ASEAN’s Three Pillared Community Must Continue To Look Outward, Not Inward
ASEAN will soon potentially have more than 650 million people under its fold, and collectively close to USD 1.9 trillion in GDP. They are but large, generic numbers. ASEAN to date lacks the physical, institutional and human connectivity to make Southeast Asia cohere as a market. The policy makers in ASEAN know as much; which is why they have put together a Master Connectivity Plan to try to bridge the divide between all three realms.
Further, impressive numbers are peddled by policy makers in ASEAN to raise the threshold of regional imagination. The key is to convince the member states of their inherent strengths – with the implicit goal of minimising any outpour of ethno-nationalism, which can do much to damage the integrity of ASEAN regional integration.
In the interim, the larger goal of a three pillared community should be to encourage all member states to look outward, rather than inward. The ASEAN Security Community, for example, remains trapped in confidence building; an issue that has been discussed by the policy makers for more than twenty years without any attempt to graduate to preventive diplomacy, maritime cooperation, and peacekeeping. Looking outward means borrowing and applying the best practices from abroad.
Historically, ASEAN has not been shy about learning and adopting policy lessons from beyond. ASEAN Track II diplomacy, for example, is based on the practices and principles in the Conference on Security and Cooperation in Europe (CSCE). The Helsinki Summit in the mid-1970s inspired ASEAN to do the same, without an attendant focus on the issue of human rights, however. When the ASEAN Post Ministerial Meeting was converted into an ASEAN Regional Forum (ARF) in 1994, the goal was still very much the same with Europe: to foster common understanding between Asian countries that were hitherto affected by the Cold War.
Although the genesis of preventive diplomacy came from the former UN Secretary Boutros Boutros-Ghali, the template is still not discredited. An early warning system is deployed to track the grievances and frustrations of the conflict claimants over land, or any issue(s), with the ardent goal of preventing an armed conflict before it spirals out of control. Without such a system in place, the internecine ethno-separatist conflict in Southern Thailand has carried on for more than a decade with huge casualties on all sides. Without maritime cooperation, ASEAN has not been able to put a finger on the issue of piracy, poaching, and preventing the tensions in the South China Sea, for that matter, to keep defence budgets in the region from further bloating. The International Institute of Strategic Studies (IISS) and the Stockholm International Peace Research Institute (SIPRI) have both found a spike in the Asian countries defence expenditure, even including the member states of ASEAN, by some 700% over the last five years.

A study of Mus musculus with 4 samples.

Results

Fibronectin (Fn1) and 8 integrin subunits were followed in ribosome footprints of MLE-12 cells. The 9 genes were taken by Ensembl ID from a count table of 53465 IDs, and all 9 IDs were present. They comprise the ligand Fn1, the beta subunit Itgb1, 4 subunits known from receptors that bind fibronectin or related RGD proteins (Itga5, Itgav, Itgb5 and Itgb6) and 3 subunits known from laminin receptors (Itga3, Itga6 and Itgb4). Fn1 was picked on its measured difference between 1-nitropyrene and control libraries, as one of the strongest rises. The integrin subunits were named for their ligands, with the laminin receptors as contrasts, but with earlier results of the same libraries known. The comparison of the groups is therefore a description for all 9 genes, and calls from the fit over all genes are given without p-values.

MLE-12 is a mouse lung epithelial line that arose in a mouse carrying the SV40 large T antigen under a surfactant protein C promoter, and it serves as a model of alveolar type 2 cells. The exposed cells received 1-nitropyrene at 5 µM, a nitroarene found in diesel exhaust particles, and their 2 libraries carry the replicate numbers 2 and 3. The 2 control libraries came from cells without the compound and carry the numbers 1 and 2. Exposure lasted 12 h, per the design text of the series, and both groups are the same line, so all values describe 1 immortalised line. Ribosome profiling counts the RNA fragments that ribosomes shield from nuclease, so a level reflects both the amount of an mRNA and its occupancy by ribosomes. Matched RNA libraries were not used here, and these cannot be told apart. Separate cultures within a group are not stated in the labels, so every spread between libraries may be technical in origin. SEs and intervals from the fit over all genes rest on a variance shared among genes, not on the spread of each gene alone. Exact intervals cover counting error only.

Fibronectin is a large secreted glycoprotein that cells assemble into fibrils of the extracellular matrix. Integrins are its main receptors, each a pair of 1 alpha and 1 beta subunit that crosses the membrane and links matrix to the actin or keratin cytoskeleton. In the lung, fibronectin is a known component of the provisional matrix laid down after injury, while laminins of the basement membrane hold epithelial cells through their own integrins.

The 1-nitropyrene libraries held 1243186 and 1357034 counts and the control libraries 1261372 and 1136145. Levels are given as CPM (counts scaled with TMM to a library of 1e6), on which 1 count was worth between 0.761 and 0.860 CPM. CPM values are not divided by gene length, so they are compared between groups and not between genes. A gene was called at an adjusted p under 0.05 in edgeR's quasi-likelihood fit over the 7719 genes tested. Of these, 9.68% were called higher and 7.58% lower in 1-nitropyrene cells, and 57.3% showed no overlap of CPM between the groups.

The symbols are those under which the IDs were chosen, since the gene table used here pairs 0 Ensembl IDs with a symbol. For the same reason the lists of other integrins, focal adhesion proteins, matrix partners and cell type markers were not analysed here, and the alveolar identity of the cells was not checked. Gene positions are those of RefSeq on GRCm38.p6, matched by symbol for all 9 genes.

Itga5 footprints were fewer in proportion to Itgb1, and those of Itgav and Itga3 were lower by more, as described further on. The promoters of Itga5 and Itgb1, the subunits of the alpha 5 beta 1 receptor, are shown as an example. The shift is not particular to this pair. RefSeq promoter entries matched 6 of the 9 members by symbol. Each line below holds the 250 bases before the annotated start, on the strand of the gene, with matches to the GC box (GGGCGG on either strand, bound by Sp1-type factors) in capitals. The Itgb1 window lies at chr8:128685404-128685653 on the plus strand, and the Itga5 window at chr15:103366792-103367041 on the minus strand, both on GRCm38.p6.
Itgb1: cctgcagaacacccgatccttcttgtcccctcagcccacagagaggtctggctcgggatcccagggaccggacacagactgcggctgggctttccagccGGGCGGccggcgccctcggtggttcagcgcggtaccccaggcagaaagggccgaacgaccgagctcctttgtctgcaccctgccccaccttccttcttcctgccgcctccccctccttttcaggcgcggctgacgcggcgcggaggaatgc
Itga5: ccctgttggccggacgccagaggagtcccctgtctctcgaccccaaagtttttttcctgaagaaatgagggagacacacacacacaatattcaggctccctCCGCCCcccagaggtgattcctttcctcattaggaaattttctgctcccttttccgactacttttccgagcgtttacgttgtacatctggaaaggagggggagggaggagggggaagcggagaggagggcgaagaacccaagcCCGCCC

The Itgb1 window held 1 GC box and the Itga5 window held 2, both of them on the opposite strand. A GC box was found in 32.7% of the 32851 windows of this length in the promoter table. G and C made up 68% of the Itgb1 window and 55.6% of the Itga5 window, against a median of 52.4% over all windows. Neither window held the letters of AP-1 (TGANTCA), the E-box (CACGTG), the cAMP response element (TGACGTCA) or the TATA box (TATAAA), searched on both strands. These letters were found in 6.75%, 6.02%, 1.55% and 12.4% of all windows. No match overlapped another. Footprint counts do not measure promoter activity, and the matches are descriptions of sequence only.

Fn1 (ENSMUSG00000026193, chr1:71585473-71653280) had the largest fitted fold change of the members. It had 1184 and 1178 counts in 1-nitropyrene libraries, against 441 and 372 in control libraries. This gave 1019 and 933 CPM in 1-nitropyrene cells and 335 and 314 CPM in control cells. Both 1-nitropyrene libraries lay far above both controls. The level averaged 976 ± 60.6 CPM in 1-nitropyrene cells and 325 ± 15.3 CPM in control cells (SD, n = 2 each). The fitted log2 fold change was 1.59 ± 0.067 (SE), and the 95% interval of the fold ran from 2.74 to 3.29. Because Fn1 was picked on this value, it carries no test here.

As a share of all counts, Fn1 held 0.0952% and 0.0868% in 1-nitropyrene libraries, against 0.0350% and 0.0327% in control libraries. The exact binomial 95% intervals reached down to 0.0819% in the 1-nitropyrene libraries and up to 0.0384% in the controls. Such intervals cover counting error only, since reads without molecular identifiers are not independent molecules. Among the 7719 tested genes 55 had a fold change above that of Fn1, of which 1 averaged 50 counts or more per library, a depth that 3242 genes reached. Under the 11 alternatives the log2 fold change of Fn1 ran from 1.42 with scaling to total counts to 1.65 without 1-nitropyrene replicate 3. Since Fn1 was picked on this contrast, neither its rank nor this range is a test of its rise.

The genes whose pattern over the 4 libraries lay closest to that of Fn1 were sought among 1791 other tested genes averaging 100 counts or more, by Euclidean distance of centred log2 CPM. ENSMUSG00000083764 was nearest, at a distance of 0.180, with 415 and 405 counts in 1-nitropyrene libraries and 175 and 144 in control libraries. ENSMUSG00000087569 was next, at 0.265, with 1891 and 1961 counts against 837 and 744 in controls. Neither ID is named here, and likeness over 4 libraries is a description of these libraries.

With the absence of peacekeeping, the member states of ASEAN have not been able to contribute to the maintenance of international peace. When the Blue Helmets are sent to any security contingencies, they are sent in their national representation; not on behalf of ASEAN. Without an ASEAN Peacekeeping Force, the conflicts in the region such as Mindanao will continue to simmer, with potential exploitation by radical militants like Jemaah Islamiyah and Abu Sayyaf Group. The ASEAN Economic Community (AEC) must look outward too, invariably, to foster best practices. Indeed, AEC appears aware of the importance of external engagement, given its focus on promoting keener competition. Yet, AEC has neglected the importance of adopting the best practices in Corporate Social Responsibility (CSR).
Although there are 3000 companies listed across the seven stock exchanges in ASEAN, none have pledged themselves to the importance of ASEAN CSR. It is as if ASEAN only matters as a larger consumer market, with nary a commitment to increase a company’s social contribution to AEC at all. Indeed, AEC should work closely with the United Nations’ Global Compact on enhancing CSR, as the UN Global Compact has been in this line of trade for more than a decade.
The ASEAN Social Cultural Community is also proceeding without any attention given to the best practices abroad. The UN Alliance of Civilization, and the Project on Common Word, for example, are best examples in inter faith and inter communal dialogue. Although Malaysia intends to launch the Global Movement of the Moderate (GMM) in January 2012, this is currently being done without any consultation with Indonesia or other countries yet. Yet, Indonesia, Thailand, and for that matter, Vietnam, can do much to strengthen the foundation of such a movement – especially if they are pegged to ASEAN.
Given the advent of globalisation, ASEAN cannot proceed with its regionalisation with the attempt to circle its wagons merely. It has to learn from the world, and adapt the best practices. Only then can it live up to the universal principles laid down by the UN and the international community.
Indeed, the ASEAN Charter is meant to do that, especially on contentious issues like human rights and gender rights. Without such an international focus, ASEAN may be lost under the ASEAN Way purely, since the latter encourages consensus and agreeable agreement, all achieved at the lowest common denominators.